The Uluru waterfalls: a rare wonder of nature

Probably one of the most well known massive rock formations worldwide, Uluru, or Ayers Rock, is an incredible Australian sightseeing objective. Apart from the view it offers to those who visit the Uluru-Kata Tjuta National Park – particularly during sunsets – Uluru is over 600 million years old, which makes it one of the oldest rocks existing today.

Due to the climate of the area, it only rains a few times per year in that area. However, when it does start raining, those who are lucky enough to watch the show are amazed by its beauty. After each storm, the large quantities of water run off from the top of the rock, creating the illusion of small waterfalls. Furthermore, once the rock gets wet by the rain, its color turns from grey to various shades of red, dark red and brown.

Unfortunately, the show doesn’t last for long, so each time it happens, tourists hurry up to take photos and enjoy the event. As most of them claim, it is an unforgettable experience, as there are dozens of seemingly thin waterfalls flowing to the bottom of the rock.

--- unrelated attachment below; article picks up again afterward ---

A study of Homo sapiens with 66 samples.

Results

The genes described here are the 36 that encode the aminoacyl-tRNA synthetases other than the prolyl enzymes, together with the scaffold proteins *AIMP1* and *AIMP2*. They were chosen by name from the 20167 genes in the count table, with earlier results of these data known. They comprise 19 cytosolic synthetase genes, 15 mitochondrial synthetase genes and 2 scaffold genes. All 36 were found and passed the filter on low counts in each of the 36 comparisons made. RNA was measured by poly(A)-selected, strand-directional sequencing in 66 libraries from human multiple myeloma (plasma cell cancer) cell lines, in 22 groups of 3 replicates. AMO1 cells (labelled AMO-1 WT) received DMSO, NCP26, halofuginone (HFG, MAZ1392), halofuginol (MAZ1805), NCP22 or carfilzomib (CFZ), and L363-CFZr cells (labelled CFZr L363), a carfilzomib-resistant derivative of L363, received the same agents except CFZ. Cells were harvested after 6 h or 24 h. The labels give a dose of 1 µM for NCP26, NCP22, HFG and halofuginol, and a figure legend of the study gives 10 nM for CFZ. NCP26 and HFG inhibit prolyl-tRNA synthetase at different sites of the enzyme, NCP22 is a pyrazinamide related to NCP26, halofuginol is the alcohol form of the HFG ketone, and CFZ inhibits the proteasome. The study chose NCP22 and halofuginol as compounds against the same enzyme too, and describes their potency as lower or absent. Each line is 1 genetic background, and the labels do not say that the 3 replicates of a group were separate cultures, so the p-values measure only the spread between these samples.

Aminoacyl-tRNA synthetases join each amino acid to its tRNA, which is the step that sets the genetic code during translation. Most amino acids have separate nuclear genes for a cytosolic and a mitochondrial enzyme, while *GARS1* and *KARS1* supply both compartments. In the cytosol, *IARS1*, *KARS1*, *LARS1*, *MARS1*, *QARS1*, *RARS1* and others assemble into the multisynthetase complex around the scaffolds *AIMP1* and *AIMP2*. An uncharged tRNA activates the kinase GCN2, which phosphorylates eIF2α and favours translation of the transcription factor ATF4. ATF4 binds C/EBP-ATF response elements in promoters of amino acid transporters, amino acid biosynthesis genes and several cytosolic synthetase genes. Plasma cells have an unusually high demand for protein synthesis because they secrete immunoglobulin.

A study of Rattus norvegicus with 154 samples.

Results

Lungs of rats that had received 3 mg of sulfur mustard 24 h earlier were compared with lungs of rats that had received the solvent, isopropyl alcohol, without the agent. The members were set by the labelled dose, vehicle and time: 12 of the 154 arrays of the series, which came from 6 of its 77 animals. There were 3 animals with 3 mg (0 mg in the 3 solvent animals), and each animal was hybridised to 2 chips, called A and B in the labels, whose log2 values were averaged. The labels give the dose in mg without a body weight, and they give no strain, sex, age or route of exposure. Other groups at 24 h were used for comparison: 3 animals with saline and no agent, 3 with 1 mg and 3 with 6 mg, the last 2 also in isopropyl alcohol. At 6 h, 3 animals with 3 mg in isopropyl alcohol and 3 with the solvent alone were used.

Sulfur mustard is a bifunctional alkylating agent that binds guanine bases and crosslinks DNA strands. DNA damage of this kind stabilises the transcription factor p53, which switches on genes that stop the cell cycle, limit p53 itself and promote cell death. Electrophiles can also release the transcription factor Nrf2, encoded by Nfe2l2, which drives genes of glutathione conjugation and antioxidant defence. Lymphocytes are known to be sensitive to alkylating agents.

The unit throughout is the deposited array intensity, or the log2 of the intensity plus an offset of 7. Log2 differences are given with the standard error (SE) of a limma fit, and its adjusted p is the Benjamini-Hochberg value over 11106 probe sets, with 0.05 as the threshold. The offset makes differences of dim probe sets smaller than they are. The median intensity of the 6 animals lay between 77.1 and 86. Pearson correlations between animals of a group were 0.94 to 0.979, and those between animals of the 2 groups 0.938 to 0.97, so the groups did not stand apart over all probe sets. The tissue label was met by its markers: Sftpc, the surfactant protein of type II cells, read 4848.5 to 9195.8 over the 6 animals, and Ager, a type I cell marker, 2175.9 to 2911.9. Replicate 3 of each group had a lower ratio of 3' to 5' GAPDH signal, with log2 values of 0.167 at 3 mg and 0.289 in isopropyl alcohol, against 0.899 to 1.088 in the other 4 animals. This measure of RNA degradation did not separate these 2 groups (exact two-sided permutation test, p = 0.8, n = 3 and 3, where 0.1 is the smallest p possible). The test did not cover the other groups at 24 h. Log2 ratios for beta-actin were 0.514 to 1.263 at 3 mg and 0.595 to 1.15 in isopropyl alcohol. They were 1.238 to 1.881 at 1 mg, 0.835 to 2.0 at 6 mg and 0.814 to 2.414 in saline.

In order to get to Ayers rock, one must travel for over 300 kilometers from the nearest large city, Alice Springs – and, unless it starts raining, extreme temperatures in the area can go up to 40 degrees Celsius. But even so, the number of tourists who come to visit the place is constantly increasing due to local animals such as the rock-wallaby, unique plants and even petroglyphs.

Kerrie Bennison, the manager of the Uluru-Kata Tjuta National Park, has been working there vor over 8 years. As she claims, ‘You don’t see this sight very often, only a couple of times a year if you’re lucky.’







Sunset at Uluru (Ayers Rock) Photo via Instagram.

Sunset at Uluru (Ayers Rock) Photo via Instagram.